Neighbors in the long idyllic, now largely incinerated Sonoma Valley enclave of Trinity Oaks pondered what they might do.
What they might do, that is, to quickly restore beauty and signs of renewal to their neighborhood on Dunbar Road, which parallels Sonoma Highway just north of Glen Ellen.
How about planting daffodils? A whole lot of daffodils?
Five weeks after the Nuns fire charred great swaths of the Valley of the Moon and destroyed about three-quarters of the 60 or so homes in Trinity Oaks, excitement builds over a plan to plant 30,000 daffodils along both sides of Dunbar Road and around the mailboxes of all Trinity Oaks residents who’d like to have them.
“It’s just what people need,” said resident Anna Pope, a prime mover in the daffodil project and one of the Trinity Oaks residents who did not lose her home.
Neighbors “need something immediate,” Pope said, “and they need to do it together — a collective healing endeavor.”
There’s a plan to rent a mini-excavator and begin digging holes for bulbs this week, and for volunteers from up and down Dunbar Road and beyond to dress in grubbies and begin planting bulbs on the Saturday after Thanksgiving.
“We’re at the tail end of bulb-planting season,” said Pope, a real estate attorney with Cooley LLP and trustee of Sonoma’s historic, fire- damaged Bartholomew Park. “So we’ve got to get them in.”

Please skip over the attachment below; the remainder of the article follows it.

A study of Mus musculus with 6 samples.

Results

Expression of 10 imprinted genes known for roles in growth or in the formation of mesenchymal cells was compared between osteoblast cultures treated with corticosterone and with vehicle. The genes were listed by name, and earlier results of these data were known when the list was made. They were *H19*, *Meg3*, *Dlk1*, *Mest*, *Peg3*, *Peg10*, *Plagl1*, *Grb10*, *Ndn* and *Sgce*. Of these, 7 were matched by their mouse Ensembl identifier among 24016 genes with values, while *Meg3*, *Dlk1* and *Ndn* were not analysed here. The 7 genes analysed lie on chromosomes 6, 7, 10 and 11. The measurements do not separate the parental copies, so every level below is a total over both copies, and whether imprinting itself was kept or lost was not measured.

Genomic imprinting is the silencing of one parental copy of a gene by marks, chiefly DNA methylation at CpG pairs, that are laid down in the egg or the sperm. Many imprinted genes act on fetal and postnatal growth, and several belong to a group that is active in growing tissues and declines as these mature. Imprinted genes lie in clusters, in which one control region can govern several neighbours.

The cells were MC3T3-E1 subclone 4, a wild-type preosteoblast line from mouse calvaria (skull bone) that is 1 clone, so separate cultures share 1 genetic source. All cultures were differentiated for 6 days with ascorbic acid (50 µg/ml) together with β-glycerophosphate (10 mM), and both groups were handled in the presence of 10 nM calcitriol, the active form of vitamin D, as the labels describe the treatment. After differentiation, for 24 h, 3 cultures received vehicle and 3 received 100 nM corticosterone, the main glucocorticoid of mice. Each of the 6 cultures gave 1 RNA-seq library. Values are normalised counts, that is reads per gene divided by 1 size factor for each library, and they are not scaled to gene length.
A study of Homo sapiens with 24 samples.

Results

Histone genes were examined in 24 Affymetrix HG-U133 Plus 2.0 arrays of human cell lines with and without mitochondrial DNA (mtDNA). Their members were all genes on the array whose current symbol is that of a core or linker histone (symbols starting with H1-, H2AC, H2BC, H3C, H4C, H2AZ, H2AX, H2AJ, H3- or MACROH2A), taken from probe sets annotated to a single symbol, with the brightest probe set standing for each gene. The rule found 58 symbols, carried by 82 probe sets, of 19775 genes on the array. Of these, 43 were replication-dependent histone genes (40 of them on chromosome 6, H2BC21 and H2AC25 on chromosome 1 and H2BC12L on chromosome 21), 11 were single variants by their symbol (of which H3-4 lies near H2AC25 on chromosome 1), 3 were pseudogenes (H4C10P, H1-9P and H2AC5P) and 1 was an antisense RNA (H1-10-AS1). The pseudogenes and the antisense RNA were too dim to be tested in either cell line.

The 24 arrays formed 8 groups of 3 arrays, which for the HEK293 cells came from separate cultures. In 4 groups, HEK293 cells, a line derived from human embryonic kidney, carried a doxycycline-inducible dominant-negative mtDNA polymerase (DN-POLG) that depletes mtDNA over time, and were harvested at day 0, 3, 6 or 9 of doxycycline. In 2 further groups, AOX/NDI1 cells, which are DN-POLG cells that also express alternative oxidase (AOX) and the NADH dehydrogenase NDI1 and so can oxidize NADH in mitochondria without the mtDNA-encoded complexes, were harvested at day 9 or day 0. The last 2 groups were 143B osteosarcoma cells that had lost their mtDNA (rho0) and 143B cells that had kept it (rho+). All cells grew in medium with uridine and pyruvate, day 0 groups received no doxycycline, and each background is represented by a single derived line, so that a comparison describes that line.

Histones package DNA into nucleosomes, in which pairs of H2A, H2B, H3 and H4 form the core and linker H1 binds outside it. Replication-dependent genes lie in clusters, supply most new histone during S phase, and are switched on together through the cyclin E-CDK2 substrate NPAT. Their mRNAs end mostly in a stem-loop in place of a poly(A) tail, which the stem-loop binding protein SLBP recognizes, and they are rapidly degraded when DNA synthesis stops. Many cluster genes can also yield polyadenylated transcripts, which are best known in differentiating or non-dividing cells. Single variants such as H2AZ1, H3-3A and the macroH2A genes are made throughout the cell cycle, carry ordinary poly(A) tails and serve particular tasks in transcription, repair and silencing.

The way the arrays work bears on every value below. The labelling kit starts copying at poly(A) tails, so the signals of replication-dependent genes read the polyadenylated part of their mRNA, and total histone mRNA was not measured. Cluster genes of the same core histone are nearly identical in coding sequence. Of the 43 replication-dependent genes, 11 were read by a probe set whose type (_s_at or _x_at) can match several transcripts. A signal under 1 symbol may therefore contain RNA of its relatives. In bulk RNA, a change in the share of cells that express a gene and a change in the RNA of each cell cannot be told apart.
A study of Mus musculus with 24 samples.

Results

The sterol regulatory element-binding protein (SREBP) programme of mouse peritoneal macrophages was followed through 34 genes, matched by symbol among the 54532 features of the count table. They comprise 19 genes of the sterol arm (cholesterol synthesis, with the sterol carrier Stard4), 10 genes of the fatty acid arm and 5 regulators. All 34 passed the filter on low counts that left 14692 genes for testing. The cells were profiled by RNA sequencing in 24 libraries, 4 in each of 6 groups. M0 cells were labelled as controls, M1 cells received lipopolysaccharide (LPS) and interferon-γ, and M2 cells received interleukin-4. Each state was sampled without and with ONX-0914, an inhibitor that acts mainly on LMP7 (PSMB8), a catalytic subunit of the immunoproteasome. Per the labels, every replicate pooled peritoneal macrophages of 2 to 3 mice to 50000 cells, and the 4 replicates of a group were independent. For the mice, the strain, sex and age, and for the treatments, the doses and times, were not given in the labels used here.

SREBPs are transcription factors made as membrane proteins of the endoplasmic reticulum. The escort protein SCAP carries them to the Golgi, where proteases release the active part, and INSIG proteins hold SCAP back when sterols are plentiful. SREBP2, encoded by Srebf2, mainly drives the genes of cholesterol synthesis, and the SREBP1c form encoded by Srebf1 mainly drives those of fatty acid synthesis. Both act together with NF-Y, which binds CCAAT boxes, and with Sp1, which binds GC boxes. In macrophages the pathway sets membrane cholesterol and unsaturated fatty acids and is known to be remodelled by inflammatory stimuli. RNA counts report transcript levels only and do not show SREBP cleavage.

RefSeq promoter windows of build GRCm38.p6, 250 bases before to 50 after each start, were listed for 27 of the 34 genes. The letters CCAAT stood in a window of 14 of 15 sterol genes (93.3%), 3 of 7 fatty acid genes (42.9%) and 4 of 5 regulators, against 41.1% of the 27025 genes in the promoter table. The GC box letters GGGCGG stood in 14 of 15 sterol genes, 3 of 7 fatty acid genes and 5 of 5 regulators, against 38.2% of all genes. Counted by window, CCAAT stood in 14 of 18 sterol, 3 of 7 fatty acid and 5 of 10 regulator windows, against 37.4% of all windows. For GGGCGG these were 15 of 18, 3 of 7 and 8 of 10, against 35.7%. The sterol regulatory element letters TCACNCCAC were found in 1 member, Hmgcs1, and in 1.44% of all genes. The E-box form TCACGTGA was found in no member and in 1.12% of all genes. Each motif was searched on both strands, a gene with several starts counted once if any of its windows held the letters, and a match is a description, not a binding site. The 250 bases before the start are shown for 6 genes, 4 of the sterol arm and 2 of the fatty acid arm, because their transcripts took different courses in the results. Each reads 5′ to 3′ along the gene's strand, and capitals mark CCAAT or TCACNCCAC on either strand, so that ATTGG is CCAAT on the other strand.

There’s talk of calling in a food truck to help feed what’s envisioned to be a large and spirited crowd at the Dunbar Blooming work day. It’s unlikely that daffodil bulbs can be placed along the full two miles of Dunbar Road in one day, so there will likely be more planting on the following Saturday, and perhaps on the Saturday after that.
Anyone interested in helping to plant bulbs can contact Pope by email at email@example.com.
Pope and her neighbors are inviting people to pitch in with the work, or to help purchase bulbs and wildflower seeds.
Already, there are an estimated 10,000 to 15,000 daffodil bulbs in a Trinity Oaks garage. Pope and a few neighbors conceived the beautification project and discovered they could order a huge amount of bulbs from Bill the Bulb Baron of Moss Landing, but then something remarkable happened.
Two cyclists from outside of Sonoma Valley, Erik Ott and Dave Sheldon, were pedaling the fire-scarred Dunbar Road and stopped to ask if they could do anything to help.
Would they drive a truck to Monterey County and fetch a huge load of daffodil bulbs? They would, happily.
Bill the Bulb Baron, known also as William R.P. Welch, did not require payment of the $6,000 bill on the spot. Pope and her neighbors welcome community help to pay for those bulbs, and are hopeful that the unburned Quarryhill Botanical Garden off Sonoma Highway will be able to purchase the bulbs and accept tax-deductible donations from the public.
Supporters of the post-fire beautification, comfort and renewal project also can go into Swede’s Feeds in Kenwood or Sonoma Mission Gardens in Sonoma and buy bulbs to either take with them or leave for pick-up by Pope or others involved in Dunbar Blooming.
At Sonoma Mission Gardens on Sunday, nursery manager Lydia Constantini said wholesaler Van Zyverden Bulb of Washington is helping out by picking up the shipping costs for the 15,000 to 20,000 high-quality bulbs of daffodils and other narcissus that it is sending to Sonoma.